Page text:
Japanese Architect Tadao Ando Designs Chicago’s Newest Art Space
The first thing that comes to mind when thinking of Japanese architect Tadao Ando is his graceful use of concrete, on display at the new 152 Elizabeth Street building in Manhattan. But the Pritzker Prize laureate has also proven adept at transforming historic structures, including a pair of Venetian landmarks for collector François Pinault (the Palazzo Grassi and Punta della Dogana contemporary art museums). For the architect’s latest project, he’s turning a stately 1920s apartment house in Chicago’s Lincoln Park neighborhood into into a cutting-edge art space.
Set to open on October 12, the private, noncollecting institution has been christened Wrightwood 659 after its address and encompasses a whopping 35,000 square feet. Ando has completely gutted the aging interior, leaving exposed brick but adding his signature concrete floors, staircases, and large expanses of glass to usher in light. Founded by Fred Eychaner—the media mogul and philanthropist behind Alphawood Exhibitions—and architectural historian Dan Whittaker, the museum aims to foster a socially engaged dialogue around art and architecture. It will be open to the public by appointment only.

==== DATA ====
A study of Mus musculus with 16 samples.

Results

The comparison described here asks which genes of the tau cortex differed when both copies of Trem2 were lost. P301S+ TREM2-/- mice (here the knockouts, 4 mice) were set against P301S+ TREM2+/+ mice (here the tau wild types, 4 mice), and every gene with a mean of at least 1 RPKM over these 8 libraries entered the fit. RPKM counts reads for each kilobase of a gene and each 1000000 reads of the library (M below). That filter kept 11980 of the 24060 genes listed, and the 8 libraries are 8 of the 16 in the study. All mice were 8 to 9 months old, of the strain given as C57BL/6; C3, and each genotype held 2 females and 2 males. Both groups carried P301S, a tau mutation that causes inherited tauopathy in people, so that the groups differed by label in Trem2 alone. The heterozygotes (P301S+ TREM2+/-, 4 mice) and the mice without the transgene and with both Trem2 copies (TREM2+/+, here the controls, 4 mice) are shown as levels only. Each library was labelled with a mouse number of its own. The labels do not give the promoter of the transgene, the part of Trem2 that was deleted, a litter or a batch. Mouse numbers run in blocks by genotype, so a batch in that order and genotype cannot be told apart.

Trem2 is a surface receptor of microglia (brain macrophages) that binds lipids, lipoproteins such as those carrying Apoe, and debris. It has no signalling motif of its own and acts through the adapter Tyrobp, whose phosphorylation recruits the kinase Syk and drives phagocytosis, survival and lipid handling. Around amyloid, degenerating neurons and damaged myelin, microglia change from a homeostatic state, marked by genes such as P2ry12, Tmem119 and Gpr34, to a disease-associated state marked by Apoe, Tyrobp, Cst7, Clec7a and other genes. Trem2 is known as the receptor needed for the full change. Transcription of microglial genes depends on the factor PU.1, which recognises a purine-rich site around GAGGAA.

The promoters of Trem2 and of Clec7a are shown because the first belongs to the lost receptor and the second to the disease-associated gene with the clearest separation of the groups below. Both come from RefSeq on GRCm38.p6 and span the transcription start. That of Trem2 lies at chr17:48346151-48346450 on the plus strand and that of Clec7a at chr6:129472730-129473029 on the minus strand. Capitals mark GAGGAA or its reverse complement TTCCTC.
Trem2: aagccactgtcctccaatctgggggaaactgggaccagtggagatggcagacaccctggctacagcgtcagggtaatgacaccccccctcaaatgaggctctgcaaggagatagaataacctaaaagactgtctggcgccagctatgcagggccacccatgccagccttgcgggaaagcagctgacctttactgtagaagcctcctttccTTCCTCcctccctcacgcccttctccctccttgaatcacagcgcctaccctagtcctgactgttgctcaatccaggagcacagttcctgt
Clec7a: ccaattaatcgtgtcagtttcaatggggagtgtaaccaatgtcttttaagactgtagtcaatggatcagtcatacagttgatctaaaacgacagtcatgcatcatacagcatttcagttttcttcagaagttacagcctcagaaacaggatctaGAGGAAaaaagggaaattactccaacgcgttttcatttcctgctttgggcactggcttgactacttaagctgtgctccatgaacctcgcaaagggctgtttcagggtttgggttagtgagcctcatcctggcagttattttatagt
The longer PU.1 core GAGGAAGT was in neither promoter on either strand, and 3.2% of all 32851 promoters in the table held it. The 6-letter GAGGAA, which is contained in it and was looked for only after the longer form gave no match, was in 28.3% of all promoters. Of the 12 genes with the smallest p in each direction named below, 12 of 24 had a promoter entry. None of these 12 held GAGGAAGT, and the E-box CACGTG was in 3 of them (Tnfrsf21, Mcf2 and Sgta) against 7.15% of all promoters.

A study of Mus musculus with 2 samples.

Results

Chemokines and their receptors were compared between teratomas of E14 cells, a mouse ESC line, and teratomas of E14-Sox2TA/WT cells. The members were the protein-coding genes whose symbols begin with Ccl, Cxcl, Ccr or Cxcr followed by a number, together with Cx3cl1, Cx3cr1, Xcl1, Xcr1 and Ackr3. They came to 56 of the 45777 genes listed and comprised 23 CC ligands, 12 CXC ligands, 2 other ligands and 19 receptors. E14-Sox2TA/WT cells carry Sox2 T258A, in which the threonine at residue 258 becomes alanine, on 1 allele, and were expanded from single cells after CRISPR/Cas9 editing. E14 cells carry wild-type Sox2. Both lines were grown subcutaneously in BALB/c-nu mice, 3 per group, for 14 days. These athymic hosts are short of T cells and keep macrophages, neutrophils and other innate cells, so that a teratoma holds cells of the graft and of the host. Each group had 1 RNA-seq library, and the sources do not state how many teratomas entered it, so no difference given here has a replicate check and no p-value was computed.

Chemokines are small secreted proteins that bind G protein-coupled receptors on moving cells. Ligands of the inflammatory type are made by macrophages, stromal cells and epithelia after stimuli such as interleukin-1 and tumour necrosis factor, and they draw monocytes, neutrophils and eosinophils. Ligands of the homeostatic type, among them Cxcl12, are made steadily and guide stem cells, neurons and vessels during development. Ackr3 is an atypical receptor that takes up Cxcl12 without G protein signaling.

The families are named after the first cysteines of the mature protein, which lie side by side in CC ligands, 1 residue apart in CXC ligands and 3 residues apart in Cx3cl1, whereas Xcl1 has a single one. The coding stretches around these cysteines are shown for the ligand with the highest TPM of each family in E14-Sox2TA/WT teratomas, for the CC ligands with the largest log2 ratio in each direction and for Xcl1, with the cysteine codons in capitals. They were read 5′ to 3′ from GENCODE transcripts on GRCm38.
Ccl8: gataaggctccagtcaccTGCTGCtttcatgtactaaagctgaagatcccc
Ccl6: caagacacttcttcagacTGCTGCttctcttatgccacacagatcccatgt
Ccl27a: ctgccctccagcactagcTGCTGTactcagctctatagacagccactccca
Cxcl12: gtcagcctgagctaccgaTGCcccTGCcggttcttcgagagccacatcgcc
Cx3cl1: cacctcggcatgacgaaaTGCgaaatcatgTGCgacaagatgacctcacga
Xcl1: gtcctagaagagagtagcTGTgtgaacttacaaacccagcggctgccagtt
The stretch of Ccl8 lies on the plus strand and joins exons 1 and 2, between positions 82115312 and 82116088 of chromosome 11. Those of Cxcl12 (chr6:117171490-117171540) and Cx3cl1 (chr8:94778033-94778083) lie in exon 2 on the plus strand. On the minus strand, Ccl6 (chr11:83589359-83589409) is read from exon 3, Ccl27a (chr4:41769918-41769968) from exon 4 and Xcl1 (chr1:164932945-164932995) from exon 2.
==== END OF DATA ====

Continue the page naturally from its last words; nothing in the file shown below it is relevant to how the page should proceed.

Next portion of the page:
Leading the Wrightwood 659 team is Lisa Cavanaugh, who brings 30 years of experience from her time at Christie’s, most recently in the role of managing director for the firm’s Chicago and Houston offices.
The building’s inaugural show, which runs through December 15, will be an exhibition examining the work of the legendary Swiss-French architect Le Corbusier, who died in 1965, and its impact on Ando, who founded his own practice shortly thereafter. Titled “Ando and Le Corbusier: Masters of Architecture,” the show will occupy three of the building’s five floors, showcasing maquettes, furnishings, and even paintings by Corbusier, known for his lyrical use of reinforced concrete.
One highlight is a series of around 100 architectural models of Corbusier’s buildings created by students of Ando. Elsewhere, there are rooms devoted to some of Ando’s most significant work, including models and drawings of the Benesse Art Site on the Japanese island of Naoshima.
After that, founder Fred Eychaner’s active role in the LGBTQ movement inspires an exhibition dedicated to the 50th anniversary of the Stonewall riots, which is slated to open in June 2019. A solo show of Japanese painter Tetsuya Ishida, organized in collaboration with Madrid’s Museo Reina Sofia, will follow in the fall. The team is currently busy putting the finishing touches on what is sure to be a must-visit art space.
Jim McDonough, the executive director of Alphawood, sums it up best: “The intention is to provide a contemplative, quiet, and meaningful experience for the public to think about, and be inspired by, the shows that are being presented.”
“Ando and Le Corbusier: Masters of Architecture” runs from October 12 through December 15 at Wrightwood 659.